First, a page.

The pundits — always quick to smell blood — are declaring that the Vice President is in bad trouble politically. At about 28 percent, her ratings are down, lower than President Biden’s, lower than the last four vice presidents including Dick Cheney (30 percent). And, to make matters worse, several of Harris’s top aides are leaving or have already quit.
How could this happen to the vice president, heralded as the first woman vice president and first woman of color? Why did her prospects stall despite Harris’s solid background as a winner of three California statewide races and as a head-liner in the Democratic debates?
One reason is that Harris is now encountering the unfortunate facts of political life. Women politicians are always held to a higher standard than their male counterparts. While the men in office get kudos for being tough bosses; women achievers get pegged as demanding and bitchy. Women said to mistreat staff include frontrunners like Sen. Amy Klobuchar and our own Rep. Pramila Jayapal, who has one of the highest number of staffers exiting in years.
Harris’s ratings slump also stems from the fact that, although savvy about California politics, she is relatively new to Capitol Hill’s way of doing business. Years in Congress made Biden a master of senatorial mores, while Harris logged a scant three years in the Senate.
Furthermore the president put Harris in charge of contentious political issues: immigration and voting rights. The two assignments seemed like a set up for failure. The presidential-vice president combo, a generational mismatch, has been problematic from the start. Initially Biden, now 79, looked like a one-term president. But, with Biden now talking about reelection, Harris is left supporting his intentions rather than herself gearing up for the 2024 race.
Harris’s mountain of handicaps — likely magnified by being the “the first minority woman who” — have brought out the naysayers and gossip mongers. The critics are led by Trump supporters who’d rather savage Harris than targeting Biden. They joke that Harris “spends days in her office chasing e-mails.” They spread the Aaron Sorkin-like rumor that Biden will rid himself of Harris by appointing her to the next vacancy on the Supreme Court.
Despite the dire situation, there are ways Harris can work to rescue her position. Savvy politicos point out that Biden himself had early missteps as Obama’s vice president. Those pols are now offering suggestions for Harris. One of the best prescriptions is for Harris to find issues she can own. They say she needs to get out of D.C. and campaign on behalf of family-friendly issues, the ones voters can understand and get behind.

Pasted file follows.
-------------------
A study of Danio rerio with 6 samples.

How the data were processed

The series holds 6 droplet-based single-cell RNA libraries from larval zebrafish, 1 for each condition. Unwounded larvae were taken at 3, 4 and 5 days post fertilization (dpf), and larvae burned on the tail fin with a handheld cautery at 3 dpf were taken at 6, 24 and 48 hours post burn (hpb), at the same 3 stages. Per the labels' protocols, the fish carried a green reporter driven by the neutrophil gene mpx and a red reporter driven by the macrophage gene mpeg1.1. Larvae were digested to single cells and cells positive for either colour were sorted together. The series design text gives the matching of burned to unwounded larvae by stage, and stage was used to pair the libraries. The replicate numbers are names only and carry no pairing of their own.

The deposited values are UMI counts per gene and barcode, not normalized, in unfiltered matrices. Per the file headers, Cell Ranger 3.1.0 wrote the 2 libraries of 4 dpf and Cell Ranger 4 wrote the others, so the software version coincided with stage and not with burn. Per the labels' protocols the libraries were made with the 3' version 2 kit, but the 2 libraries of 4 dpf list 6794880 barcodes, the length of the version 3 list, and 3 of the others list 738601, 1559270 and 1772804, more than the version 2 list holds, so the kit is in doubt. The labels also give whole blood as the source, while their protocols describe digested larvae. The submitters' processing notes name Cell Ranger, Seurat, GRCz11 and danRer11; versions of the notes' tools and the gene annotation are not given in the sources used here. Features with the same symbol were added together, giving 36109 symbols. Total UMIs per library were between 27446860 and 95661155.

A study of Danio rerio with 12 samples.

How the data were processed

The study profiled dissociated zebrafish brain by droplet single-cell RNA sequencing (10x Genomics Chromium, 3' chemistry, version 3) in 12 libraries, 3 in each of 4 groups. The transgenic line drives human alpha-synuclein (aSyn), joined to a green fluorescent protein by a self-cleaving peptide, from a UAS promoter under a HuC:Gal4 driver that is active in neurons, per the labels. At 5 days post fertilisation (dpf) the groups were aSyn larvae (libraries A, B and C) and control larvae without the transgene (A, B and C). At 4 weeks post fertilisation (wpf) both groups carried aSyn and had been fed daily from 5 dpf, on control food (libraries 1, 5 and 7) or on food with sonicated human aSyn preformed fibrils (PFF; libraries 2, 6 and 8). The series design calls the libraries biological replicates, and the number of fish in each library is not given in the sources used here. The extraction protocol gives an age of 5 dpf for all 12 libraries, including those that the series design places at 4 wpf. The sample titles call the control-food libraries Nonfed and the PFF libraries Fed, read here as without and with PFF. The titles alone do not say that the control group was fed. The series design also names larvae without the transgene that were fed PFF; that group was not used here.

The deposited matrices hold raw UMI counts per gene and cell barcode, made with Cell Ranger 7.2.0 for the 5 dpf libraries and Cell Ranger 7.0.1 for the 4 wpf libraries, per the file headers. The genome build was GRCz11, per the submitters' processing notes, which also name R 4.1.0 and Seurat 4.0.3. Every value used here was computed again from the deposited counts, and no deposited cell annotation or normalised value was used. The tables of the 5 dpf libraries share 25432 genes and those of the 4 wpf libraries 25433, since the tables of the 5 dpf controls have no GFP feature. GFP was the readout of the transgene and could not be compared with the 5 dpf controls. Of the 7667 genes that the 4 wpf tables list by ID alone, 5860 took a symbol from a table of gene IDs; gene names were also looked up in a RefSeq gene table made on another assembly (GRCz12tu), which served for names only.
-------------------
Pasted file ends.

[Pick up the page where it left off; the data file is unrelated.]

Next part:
The vice president can scarcely do better than to champion women’s issues: how to get moms back to work, how to arm them with child tax credits, subsidized child care, and equal opportunity and pay. Her advisers don’t downplay voting rights, which they correctly identify as a must-win issue. Harris needs to use whatever forum she can find to work for justice at the polls.
There are other opportunities: Biden may own the electric car issue, but what about Harris working to further reduce student debt? Transportation Secretary Buttigieg has dominated infrastructure and even parental leave, but Harris could take on foreign policy, just as Biden did when he was vice president. She is, in fact, taking steps, such as her recent announcement of American firms moving into Central America and her trip to mend relations with French President Emmanuel Macron. .
Democratic political strategist Donna Brazile says Harris’s ratings slump is to be expected and will right itself, particularly if Biden doesn’t run for a second term. Brazile urges Harris to keep Air Force Two constantly gassed up and headed towards hot spots
Harris loyalists still believe that the woman who shut up Mike Pence, insisting “I’m speaking,” can boost her numbers. They believe what this country needs is less the singing-in-the-rain, sneaker-wearing Harris, and more of the sharp-elbowed Harris who, as California attorney general, stood against the banks, successfully battled chemical manufacturers, and took guns away from those not legally able to possess them. That Harris is still with us and, with the proper moves, can still use her position to advantage.